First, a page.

NASA conducted the first hot fire of a new RS-25 test series this week, beginning the final round of certification testing ahead of production of an updated set of engines for the SLS (Space Launch System) rocket. The engines will help power future Artemis missions to the Moon and beyond.
At NASA’s Stennis Space Center near Bay St. Louis, Mississippi, the RS-25 engine underwent a successful hot fire test that lasted for 550 seconds, longer than the 500 seconds engines must fire during an actual mission. The engine was also fired at the 111% power level, up to the level required during a normal SLS launch.
The hot fire marked the first in a series of 12 tests scheduled to take place through 2024. The tests are a key step for lead SLS engines contractor Aerojet Rocketdyne, an L3Harris Technologies company, to produce engines that will help power the SLS rocket, beginning with Artemis V.
The test series will collect data on the performance of several new key engine components, including a nozzle, hydraulic actuators, flex ducts, and turbopumps. These components have similar design features to the ones that completed the initial certification test series at the South Mississippi site in June.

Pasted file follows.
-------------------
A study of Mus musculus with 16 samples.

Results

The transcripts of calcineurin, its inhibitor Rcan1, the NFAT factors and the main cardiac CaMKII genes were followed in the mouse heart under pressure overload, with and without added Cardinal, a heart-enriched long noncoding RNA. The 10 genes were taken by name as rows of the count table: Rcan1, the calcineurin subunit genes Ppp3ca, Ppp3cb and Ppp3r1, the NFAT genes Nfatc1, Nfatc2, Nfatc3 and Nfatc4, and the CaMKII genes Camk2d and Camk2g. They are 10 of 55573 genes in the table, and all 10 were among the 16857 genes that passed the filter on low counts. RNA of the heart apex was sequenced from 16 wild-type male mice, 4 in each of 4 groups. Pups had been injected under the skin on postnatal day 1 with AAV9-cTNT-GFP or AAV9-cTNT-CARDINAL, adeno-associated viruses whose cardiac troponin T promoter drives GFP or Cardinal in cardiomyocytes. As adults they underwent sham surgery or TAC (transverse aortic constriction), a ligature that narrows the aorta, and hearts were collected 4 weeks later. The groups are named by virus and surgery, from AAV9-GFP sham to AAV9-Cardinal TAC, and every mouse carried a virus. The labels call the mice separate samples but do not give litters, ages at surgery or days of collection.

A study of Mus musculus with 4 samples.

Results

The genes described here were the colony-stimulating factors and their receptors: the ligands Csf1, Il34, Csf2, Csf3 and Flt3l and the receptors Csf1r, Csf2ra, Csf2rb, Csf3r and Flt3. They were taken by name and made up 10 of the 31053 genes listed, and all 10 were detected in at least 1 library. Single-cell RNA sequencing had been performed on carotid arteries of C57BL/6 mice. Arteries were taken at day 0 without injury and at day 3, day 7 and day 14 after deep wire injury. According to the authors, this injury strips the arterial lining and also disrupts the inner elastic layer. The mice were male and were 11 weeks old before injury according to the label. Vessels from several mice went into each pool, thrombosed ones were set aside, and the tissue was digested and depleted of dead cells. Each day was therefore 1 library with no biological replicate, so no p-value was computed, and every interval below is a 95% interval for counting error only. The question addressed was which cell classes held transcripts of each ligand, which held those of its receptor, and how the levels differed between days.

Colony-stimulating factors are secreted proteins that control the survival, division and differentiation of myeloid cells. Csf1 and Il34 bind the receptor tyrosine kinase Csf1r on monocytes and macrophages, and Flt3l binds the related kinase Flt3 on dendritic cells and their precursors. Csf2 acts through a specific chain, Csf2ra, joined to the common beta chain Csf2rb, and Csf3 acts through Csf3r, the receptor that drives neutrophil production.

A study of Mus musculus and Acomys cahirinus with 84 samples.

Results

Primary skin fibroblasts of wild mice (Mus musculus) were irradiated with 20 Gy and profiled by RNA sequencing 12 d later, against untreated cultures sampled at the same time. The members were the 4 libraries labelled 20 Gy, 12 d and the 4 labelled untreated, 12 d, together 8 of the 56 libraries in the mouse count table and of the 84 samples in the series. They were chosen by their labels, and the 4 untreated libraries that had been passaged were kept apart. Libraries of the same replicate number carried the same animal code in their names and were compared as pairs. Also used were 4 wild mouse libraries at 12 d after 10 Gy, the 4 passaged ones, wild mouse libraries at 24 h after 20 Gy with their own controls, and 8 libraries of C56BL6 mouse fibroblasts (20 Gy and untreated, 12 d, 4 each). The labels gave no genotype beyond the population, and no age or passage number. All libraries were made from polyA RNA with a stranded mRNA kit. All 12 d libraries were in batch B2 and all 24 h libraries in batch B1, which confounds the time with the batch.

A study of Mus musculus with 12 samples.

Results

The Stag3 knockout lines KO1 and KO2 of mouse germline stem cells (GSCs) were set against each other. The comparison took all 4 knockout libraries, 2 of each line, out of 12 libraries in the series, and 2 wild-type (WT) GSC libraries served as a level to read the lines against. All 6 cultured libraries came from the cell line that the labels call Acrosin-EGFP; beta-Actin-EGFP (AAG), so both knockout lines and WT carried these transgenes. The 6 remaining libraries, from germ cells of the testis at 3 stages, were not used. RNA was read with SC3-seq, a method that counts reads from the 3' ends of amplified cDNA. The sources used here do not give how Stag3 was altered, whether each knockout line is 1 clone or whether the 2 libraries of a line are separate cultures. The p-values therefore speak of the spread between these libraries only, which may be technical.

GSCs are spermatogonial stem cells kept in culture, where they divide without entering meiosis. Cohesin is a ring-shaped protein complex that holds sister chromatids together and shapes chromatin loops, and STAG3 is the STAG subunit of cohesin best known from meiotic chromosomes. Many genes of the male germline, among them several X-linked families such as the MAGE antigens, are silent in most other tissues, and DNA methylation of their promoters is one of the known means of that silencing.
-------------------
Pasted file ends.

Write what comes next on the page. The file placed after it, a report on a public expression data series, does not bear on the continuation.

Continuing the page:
The new engines are built with advanced manufacturing techniques, such as 3D printing, to reduce the cost and time required. The SLS rocket will consist of four RS-25 engines and two solid rocket boosters, which will generate more than 8.8 million pounds of thrust at liftoff. This configuration will enable the SLS rocket to carry heavy payloads and crewed missions beyond low Earth orbit.
NASA’s Artemis program is an exciting initiative that aims to return humans, including the first woman and the first person of color, to the Moon for lunar exploration and ultimately prepare for future missions to Mars. The Space Launch System (SLS) is the only rocket that can carry Orion spacecraft, astronauts, and supplies to the Moon in one trip.
The new engines will start flying on the Artemis 5 mission, which will fly no earlier than 2029. The first use of the Space Launch System was launched in November 2022 as the Artemis 1 mission, with robots and mannequins aboard. According to the plan, the crewed Artemis 2 launch will take place in 2024, while Artemis 3 aims to put astronauts down near the lunar south pole in late 2025 or 2026. The Artemis 4 will attempt another landing in 2028.